In her recent and timely blog post this active hurricane season, my colleague Tracy Hartman writes about crisis preparedness when it comes to communications planning. But as this relates more specifically to branding, what are some of the risks and — for better or worse — opportunities that arise when disaster strikes? The double whammy (so far!) of Harvey and Irma paint a pretty telling picture for us.
We all got a glimpse of just what can be at stake if you handle things wrong in the form of prosperity televangelist Joel Osteen, the head of the Lakewood mega-church. Before telling those affected by hurricane Harvey not to have a “poor old me mentality,” he was knee-deep in damage control for defending the decision not to open the church to those in need during the storm because they simply hadn’t been asked to. This wasn’t a great moment for an organization whose brand likely prefers to be affiliated with more pious and neighborly attributes.
Then there were the price gougers, including gasoline chains like Chevron. And as the skies began to clear, 7-Eleven announced it was sending 1,600 cases of bottled water to Florida stores after the Attorney General there cited thousands of calls to her office reporting inflated prices during the emergency.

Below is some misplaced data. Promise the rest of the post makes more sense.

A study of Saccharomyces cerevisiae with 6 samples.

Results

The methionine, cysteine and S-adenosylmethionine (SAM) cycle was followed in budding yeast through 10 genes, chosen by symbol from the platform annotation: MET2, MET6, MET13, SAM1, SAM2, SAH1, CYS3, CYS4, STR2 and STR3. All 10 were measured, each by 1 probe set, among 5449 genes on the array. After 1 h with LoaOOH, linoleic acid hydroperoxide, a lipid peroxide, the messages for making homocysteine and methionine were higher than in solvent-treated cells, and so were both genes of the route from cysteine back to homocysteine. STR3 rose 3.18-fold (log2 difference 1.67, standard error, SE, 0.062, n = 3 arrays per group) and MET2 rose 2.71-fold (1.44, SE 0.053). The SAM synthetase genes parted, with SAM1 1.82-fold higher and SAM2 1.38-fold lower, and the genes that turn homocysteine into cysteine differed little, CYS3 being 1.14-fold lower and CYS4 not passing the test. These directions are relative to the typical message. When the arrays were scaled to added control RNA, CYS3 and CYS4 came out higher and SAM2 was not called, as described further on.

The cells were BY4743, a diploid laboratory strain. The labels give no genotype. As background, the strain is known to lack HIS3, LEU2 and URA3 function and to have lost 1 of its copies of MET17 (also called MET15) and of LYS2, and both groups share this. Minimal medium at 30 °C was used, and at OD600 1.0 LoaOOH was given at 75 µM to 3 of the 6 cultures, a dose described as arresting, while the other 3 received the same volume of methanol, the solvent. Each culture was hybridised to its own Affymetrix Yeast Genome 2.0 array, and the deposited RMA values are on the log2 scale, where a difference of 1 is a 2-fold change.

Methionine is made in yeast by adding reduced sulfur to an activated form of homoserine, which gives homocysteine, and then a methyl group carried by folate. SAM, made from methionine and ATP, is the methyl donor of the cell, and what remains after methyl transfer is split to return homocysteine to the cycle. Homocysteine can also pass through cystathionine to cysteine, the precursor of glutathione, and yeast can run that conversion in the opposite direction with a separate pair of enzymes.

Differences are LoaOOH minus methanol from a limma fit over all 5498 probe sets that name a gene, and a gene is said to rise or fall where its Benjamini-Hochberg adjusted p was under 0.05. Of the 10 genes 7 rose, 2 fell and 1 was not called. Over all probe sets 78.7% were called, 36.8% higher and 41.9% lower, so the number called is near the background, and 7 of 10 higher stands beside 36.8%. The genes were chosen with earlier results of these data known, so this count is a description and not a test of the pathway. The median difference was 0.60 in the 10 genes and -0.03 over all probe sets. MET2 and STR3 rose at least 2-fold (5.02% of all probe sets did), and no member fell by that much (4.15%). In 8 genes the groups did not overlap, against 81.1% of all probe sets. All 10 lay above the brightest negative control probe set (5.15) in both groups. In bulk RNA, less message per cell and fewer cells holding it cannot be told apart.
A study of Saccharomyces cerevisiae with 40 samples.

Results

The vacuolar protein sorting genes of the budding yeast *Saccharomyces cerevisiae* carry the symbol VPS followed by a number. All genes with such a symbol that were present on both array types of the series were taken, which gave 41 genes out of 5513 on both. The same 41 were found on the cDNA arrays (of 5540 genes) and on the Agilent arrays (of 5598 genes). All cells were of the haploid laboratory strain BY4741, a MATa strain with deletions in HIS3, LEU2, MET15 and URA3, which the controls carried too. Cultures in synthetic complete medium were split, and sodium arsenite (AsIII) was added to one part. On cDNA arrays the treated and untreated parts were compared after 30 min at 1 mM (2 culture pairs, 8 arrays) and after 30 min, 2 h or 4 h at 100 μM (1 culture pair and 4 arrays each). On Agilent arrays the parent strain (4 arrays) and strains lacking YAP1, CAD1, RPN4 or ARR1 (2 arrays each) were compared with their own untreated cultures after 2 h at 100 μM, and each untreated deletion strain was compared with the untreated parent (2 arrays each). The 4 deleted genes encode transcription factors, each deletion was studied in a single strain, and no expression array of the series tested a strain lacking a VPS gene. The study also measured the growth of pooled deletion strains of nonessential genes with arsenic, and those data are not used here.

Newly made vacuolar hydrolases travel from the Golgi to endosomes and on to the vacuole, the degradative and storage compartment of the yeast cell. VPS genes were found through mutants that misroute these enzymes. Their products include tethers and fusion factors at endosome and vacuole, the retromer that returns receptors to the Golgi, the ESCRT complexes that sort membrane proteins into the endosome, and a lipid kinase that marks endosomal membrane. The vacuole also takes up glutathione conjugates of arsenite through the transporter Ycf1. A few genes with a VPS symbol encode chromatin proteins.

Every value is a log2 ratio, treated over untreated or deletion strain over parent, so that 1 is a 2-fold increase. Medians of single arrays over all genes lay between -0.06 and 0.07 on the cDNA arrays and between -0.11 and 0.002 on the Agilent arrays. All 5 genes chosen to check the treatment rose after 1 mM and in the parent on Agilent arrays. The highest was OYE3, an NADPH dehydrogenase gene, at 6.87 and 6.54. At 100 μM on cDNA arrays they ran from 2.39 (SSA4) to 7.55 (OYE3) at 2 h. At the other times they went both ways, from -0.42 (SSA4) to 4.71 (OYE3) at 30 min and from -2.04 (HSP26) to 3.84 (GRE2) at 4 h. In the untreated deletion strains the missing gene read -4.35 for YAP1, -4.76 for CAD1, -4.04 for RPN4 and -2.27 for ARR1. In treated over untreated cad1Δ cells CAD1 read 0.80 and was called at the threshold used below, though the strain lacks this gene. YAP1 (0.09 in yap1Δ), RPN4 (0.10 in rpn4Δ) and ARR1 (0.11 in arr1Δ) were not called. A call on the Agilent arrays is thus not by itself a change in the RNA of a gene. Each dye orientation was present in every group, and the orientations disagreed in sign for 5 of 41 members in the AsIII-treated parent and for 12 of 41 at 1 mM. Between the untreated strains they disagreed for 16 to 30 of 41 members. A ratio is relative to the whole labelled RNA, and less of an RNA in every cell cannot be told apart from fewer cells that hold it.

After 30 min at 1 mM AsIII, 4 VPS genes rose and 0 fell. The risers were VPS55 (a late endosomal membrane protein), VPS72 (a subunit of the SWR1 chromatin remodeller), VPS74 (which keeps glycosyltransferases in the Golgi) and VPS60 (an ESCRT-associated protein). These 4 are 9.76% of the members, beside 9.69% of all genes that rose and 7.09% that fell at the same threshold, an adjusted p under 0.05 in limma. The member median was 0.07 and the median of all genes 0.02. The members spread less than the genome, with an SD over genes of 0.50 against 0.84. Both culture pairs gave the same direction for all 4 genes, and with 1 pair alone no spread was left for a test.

On the other hand, many brands found opportunities to weather these storms far better despite significant material damage to property and sales in some cases. Airlines not only moved people, but were also forced to relocate equipment out of the paths of the storms, impacting routes far and wide for days on end. But companies like JetBlue and Delta found ways to help consumers that didn’t go unnoticed, with valuable press coverage gained. Not only the U.S. Navy, but cruise lines sent ships to the aide of battered islands. Even brick-and-mortarless apps like GasBuddy found ways to help, posting an emergency “Gasoline Available” tracker to help consumers find fuel.
Sure, big box hardware stores like Home Depot and Lowes racked up huge sales of building supplies as people prepared for the storm, but they too suffered significant losses as the hurricanes moved inland and destroyed not only buildings, but much of the stock within. In the aftermath, these businesses — like Target, Walmart and a long and growing list of others — seized upon the national attention to these disasters to offer both monetary and material support to the communities they typically thrive in.
For many businesses, such acts of corporate benevolence extended not just to consumers and their communities, but directly to their displaced employees as well. They realized that it not only looks compassionate, but can have an even more dramatic impact on the bottom line when it comes to their investment in training and retention.
So when it comes to testing the altruistic nature of brands during challenging times, what’s the rainy day lesson learned here? By rapidly identifying and seizing upon opportunities to do good before, during and after the storm, forward-thinking companies will benefit from positive brand perceptions by not only those that were directly impacted by Harvey or Irma, but untold numbers of those who were completely unaffected. Let’s hope we won’t be reminded of that again this season.